Deal-makers and investment banks are searching for optimism

The state of M&A in a pandemic-hit African market.

During last November’s Africa Oil Week in Cape Town, leading financial voices were predominantly optimistic for a strong year in terms of African deal-making. Indeed, at the start of the year, it seemed progress was being made to ease the biggest risk to global economic growth at that time – the US-China trade war. What a difference a pandemic can make.

Investment banking fees in Sub-Saharan Africa reached an estimated US$128.2 million during the first quarter of 2020, a decline of 15% from last year’s strong start. Advisory fees earned from completed M&A transactions generated US$33.5 million, down 38% year-on-year, while syndicated lending fees declined 47% to US$35.7 million.

Reflecting these unique and uncertain times, the value of announced M&A transactions with any Sub-Saharan African involvement reached US$4.8 billion during the first three months of 2020. This is 48% less than the value recorded during the same period in 2019, and a four-year low. Deals signed also declined 12% over the same period.

Deals with a Sub-Saharan African target declined 74% by value to a 17-year low of US$1.7 billion, as domestic M&A within the region declined 86% from last year and the combined value of inbound M&A deals failed to pass the US$1 billion mark, a level achieved in all but four years since the turn of the century.

According to a recent report on deal optimism in a COVID-19 world from Refinitiv: “As the origin of the outbreak, China is expected to be particularly hard hit. At the time of writing, global growth forecasts have been downgraded from 2.9% to 2.4%. Meanwhile, the latest figures show that China-target M&A had halved by value, year-on-year, in the first part of the 2020, while Chinese outbound was down 85%, the lowest level since 2004.”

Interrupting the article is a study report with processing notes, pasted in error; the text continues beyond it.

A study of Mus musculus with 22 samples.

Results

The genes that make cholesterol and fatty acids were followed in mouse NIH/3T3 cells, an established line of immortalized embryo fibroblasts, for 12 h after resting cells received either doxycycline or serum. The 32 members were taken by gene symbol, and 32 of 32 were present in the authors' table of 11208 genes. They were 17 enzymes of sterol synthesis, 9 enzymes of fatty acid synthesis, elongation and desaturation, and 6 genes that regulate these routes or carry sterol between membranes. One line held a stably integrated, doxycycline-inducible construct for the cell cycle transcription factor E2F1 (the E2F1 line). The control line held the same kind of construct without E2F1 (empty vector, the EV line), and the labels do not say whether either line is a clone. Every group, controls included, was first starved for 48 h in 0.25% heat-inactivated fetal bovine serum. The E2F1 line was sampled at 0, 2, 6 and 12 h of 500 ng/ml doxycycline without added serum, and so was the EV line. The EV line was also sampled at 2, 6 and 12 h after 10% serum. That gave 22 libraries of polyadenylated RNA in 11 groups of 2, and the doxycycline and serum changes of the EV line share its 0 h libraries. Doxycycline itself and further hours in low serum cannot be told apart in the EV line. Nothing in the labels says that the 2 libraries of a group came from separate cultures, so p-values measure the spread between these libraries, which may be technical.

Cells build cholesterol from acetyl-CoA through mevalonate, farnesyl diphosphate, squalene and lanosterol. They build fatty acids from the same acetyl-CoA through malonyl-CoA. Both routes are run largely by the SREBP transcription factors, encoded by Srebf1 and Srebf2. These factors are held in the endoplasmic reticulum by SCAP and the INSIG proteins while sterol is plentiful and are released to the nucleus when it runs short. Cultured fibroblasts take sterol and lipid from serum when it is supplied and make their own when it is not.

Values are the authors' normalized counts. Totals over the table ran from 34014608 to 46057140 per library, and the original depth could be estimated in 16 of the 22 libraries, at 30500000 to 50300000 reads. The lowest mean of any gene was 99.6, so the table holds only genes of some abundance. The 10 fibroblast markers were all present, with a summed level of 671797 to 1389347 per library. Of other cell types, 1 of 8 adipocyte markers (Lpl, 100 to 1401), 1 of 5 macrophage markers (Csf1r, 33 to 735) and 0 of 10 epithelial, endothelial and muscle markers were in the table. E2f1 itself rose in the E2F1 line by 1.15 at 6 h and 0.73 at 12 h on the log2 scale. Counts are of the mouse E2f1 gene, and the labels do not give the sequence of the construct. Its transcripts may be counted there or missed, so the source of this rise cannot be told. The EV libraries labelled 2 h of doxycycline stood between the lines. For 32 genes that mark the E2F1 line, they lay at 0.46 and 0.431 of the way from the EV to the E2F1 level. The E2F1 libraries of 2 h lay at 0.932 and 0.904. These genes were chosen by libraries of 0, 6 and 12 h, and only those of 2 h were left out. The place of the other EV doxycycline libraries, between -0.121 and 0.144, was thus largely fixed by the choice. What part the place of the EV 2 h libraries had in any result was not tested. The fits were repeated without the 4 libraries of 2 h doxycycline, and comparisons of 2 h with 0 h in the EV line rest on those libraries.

Given China’s fundamental relationship to Africa in terms of investment activity and equity flow, the repercussions for Africa’s oil and gas M&A will inevitably be affected for the course of this year.

Refinitiv also note that equity capital markets (ECM) underwriting fees more than tripled to reach US$36.7 million, a first quarter total only exceeded twice since the company’s records began in 2000. Bond underwriting fees increased 20% to US$22.3 million. Almost one-quarter of fees in the region during the first quarter of 2020 were earned from government and agency deals. Almost two-thirds of all fees were generated in South Africa.
JP Morgan earned the most investment banking fees in the region during the first quarter of 2020, a total of US$17.9 million or a 13.9% share of the total fee pool.

Monthly M&A declined in value for two consecutive months, with March 2020 marking the lowest monthly M&A total since August 2009. Africatel Holdings’ US$1.0 billion sale of PT Ventures to Angolan Sonangol in January was the largest deal in the region during the first quarter of 2020.

Deals in the materials sector accounted for 39% of Sub-Saharan African target M&A activity during the first quarter of 2020. South Africa was the most targeted nation, followed by Uganda and Nigeria. Outbound M&A totalled US$1.8 billion during the first three months of 2020, 19% more than the value recorded at this time last year, despite a 27% decline in the number of deals.

With advisory work on seven deals with a combined value of U$993.0 million, JP Morgan holds to the top spot in the financial advisor ranking for deals with any Sub-Saharan African involvement during the first quarter of 2020.

In debt capital markets, The African Development Bank raised $3 billion in a “Fight COVID-19” social bond at the end of March to help alleviate the economic and social impact the coronavirus pandemic will have on livelihoods and economies in the region.

With this deal, and Ghana’s US$3 billion Eurobond in February, Sub-Saharan African debt issuance totalled US$8.9 billion during the first quarter of 2020, up 44% from the value recorded during the same period in 2019, and the second-highest first quarter DCM total in the region of all-time. BofA Securities took the top spot in the Sub-Saharan African bond underwriter ranking during Q1 2020 with US$1.2 billion of related proceeds, or a 14% market share.

With a slowdown in demand amidst the COVID-19 pandemic and the recent shock in oil prices, distinct uncertainty looms over several announced and planned M&A deals in the oil and gas sector. Aurojyoti Bose, lead analyst at GlobalData, commented, “Arranging finance for pursuing deals may emerge as a challenge. Completion of some of these deals is likely to be delayed, while some may be called off.”

Join Africa Oil Week in Cape Town this November for M&A 2020 live on the Plenary Stage. We’ll be reviewing the M&A market for assets/corporate transactions in Africa over the past year and assesssing the impact of the oil price collapse on M&A activity in the coming 6 to 12 months.